Mama, I Got to Do It, I Got To
Unidentified
1963 or 1964

[Noted down from an unidentified activist and codified by Lillian Helman. Published in Our Faces Our Words, with profits going to CORE. 1964.]

Mama was talking. She was crying, too, and I couldn't make out some of her words, but I knew what she meant. "But you'll git killed, this place is different, Mississippi is different, you can't do it. I got along, why can't you just get along, son, like your old ma and pa? There's a way to make out, you got to learn it, boy, this way they'll kill you. All my life I worked to make it easier for you and now you want to tear it all up, you can't do nothing to change white folks, you just can't, I know, you're young but I know, all you can do is pray and try to git along."

She hid her face in her apron. It wasn't easy but I had to say it, I had to.

Mama, I told her, this is something I can do. All my life down here I didn't know nothing to do; now I got something I can do. I'm going to help the others, I got to. Mama said, "What can you do, boy? What? There's nothing you can do to change white folks, you can't, no more'n you can stop the old river, you can't."

I got to, Mama, I told her. I'm going to help register our people so they can vote. Don't say anything, Mama, I got to do it; don't try to stop me. I may get in jail, I may get killed, but the time's come, Mama, we can't keep on like this. We got to show everybody that we are people, we want to vote, we're Americans, Mama, and we got to show everybody that we are.

We got to wake folks up, they dead asleep, they give up too easy, we got to say, "Stop giving up, stop it! Register and vote; you may git killed trying but try, you gotta try!" Everybody's gotta try, Mama, to show they not dogs and cows but people; they got to look white folks in the eye, got to be polite and law-abiding, but they got to look up, Mama, not down at the dirt, no more.

We got to. Uncle Rob was killed in the last war, and you got his medal and you've been real proud. Well, I may die, Mama, and if I do I hope you'll be proud, too, not all broke up, Mama, but proud that I did what an American ought to do, work for his people's rights as citizens.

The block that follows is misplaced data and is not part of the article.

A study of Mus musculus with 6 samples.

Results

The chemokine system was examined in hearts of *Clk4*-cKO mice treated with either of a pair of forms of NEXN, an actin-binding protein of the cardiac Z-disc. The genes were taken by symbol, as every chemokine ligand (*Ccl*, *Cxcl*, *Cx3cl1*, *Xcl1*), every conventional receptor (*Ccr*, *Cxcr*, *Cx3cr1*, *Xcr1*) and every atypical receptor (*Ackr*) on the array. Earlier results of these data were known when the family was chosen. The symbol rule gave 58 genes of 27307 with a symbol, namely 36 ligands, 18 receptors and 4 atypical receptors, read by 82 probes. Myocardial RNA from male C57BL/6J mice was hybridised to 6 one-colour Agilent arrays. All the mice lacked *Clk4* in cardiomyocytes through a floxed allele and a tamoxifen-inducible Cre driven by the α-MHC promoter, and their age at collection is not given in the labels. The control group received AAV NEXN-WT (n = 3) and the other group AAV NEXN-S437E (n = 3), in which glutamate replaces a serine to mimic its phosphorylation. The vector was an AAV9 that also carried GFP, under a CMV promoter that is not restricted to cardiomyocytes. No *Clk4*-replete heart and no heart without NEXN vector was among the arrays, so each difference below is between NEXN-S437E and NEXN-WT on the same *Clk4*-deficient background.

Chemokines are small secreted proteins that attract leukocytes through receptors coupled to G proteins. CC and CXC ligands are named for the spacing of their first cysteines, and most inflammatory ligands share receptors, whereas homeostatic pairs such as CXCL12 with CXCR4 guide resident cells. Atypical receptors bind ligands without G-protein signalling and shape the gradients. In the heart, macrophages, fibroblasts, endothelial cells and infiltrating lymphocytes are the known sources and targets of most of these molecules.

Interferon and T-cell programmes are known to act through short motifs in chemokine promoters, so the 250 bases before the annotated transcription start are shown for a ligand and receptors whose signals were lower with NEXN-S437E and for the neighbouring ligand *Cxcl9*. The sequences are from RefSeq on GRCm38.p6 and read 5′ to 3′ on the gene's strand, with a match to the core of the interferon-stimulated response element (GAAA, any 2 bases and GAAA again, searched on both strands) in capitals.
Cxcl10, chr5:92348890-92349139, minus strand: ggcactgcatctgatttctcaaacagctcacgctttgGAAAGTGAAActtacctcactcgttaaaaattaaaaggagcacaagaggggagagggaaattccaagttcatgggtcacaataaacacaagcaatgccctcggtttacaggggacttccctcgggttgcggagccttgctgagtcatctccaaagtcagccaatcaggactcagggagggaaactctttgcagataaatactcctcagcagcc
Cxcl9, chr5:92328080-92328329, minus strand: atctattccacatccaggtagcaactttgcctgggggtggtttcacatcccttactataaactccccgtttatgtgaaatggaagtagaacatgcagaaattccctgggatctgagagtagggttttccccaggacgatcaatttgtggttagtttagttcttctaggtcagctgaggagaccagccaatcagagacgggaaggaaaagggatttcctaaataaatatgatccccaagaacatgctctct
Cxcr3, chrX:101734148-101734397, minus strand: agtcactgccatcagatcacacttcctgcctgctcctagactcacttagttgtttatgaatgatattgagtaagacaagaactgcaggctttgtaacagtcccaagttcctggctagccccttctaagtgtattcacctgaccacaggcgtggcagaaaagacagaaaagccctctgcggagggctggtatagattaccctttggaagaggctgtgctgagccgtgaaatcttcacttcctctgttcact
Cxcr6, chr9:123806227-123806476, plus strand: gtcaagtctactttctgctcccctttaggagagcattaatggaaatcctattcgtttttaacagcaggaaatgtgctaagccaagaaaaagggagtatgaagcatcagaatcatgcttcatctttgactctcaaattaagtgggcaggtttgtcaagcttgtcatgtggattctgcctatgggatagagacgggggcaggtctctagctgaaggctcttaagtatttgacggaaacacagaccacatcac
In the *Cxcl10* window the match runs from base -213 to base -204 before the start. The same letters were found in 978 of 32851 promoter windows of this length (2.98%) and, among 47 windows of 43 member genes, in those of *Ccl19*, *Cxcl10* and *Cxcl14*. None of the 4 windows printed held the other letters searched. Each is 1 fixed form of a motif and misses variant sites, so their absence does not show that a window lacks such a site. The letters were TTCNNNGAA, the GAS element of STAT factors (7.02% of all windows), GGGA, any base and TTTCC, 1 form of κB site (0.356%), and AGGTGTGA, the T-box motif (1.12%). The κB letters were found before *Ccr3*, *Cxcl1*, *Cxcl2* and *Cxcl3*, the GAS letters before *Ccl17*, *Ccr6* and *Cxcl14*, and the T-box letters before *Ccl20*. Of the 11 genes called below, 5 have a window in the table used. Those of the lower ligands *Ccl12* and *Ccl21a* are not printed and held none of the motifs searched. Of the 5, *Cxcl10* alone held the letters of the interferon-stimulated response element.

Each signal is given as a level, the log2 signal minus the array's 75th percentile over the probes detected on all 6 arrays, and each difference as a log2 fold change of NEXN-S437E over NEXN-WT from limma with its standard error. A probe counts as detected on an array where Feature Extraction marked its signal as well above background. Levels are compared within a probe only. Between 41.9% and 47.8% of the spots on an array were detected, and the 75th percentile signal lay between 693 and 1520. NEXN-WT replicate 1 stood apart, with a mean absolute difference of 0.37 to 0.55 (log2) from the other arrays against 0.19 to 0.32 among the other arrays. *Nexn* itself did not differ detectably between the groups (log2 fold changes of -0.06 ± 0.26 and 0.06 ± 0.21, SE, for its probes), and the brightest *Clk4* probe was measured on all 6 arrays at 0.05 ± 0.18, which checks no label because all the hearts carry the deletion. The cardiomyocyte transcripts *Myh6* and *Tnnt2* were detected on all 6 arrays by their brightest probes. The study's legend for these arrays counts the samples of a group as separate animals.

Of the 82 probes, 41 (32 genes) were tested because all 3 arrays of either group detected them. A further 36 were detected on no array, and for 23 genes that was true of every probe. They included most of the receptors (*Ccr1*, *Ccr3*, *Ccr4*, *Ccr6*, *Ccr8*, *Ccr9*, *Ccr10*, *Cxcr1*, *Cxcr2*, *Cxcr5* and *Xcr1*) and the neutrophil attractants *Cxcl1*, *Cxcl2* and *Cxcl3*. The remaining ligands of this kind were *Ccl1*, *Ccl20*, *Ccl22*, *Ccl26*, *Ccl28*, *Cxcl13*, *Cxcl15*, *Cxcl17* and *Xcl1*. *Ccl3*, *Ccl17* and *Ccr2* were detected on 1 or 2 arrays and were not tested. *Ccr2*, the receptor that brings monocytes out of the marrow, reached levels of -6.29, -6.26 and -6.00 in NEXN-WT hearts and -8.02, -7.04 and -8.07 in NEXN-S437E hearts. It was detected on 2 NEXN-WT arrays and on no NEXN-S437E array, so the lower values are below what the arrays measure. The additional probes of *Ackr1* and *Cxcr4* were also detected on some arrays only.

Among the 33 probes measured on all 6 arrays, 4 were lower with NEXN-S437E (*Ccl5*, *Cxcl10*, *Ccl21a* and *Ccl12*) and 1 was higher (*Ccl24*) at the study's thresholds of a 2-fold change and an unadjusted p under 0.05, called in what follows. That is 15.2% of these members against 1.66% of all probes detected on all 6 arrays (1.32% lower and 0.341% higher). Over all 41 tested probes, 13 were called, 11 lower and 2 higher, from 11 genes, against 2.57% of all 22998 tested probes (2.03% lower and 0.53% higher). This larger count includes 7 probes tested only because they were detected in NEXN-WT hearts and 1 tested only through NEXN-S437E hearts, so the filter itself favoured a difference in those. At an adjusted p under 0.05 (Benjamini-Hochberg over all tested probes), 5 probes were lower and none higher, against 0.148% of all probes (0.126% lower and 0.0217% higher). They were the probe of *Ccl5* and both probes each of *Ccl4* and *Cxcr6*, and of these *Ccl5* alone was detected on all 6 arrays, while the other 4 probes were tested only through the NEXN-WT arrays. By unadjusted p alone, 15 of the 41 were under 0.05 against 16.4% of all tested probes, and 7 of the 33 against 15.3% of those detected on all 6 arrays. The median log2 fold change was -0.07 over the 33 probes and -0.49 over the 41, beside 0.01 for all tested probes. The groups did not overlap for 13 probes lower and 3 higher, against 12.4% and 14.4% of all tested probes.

And Mama cried under her apron and said, "And all these years I worked my hands to the bone hoping to make things better for you and now, you go and git yourself in jail or maybe killed, I ask Jesus, Why? What have I done wrong that my boy wants to git himself jailed by breaking laws and sassing white folks and — "

Mama, I told her, please mam, listen to me. I don't want to be a nigger, I want to be a Negro American, I want us all to have our rights and to get our rights we got to stand up for em, we got to, Mama. I know white folks, I know old Sheriff M------ I know he would shoot a nigger down easy as a pole cat; but I got to help change things, we got to make white folks think, Mama. Think, and understand that we're real people, too. I'm going be polite, but I'm goin to look in their faces, no more down at the dirt. Mama, you ask Jesus  — you pray and ask Jesus if I ain't right; I think he'll say, "Yes, he's right, he's got to do this, he's got to help change a hating Mississippi into a loving one." I think He'll say it, Mama, but you ask Him.

And I left her crying real soft behind her apron. Poor old Mama, she can't see it any plainer than some of the white folks that the world has changed, and we got to change, too. Oh God, help Mama see it so she won't be too hurt, help her; and help the rest of us, if You can, help us, too, a little.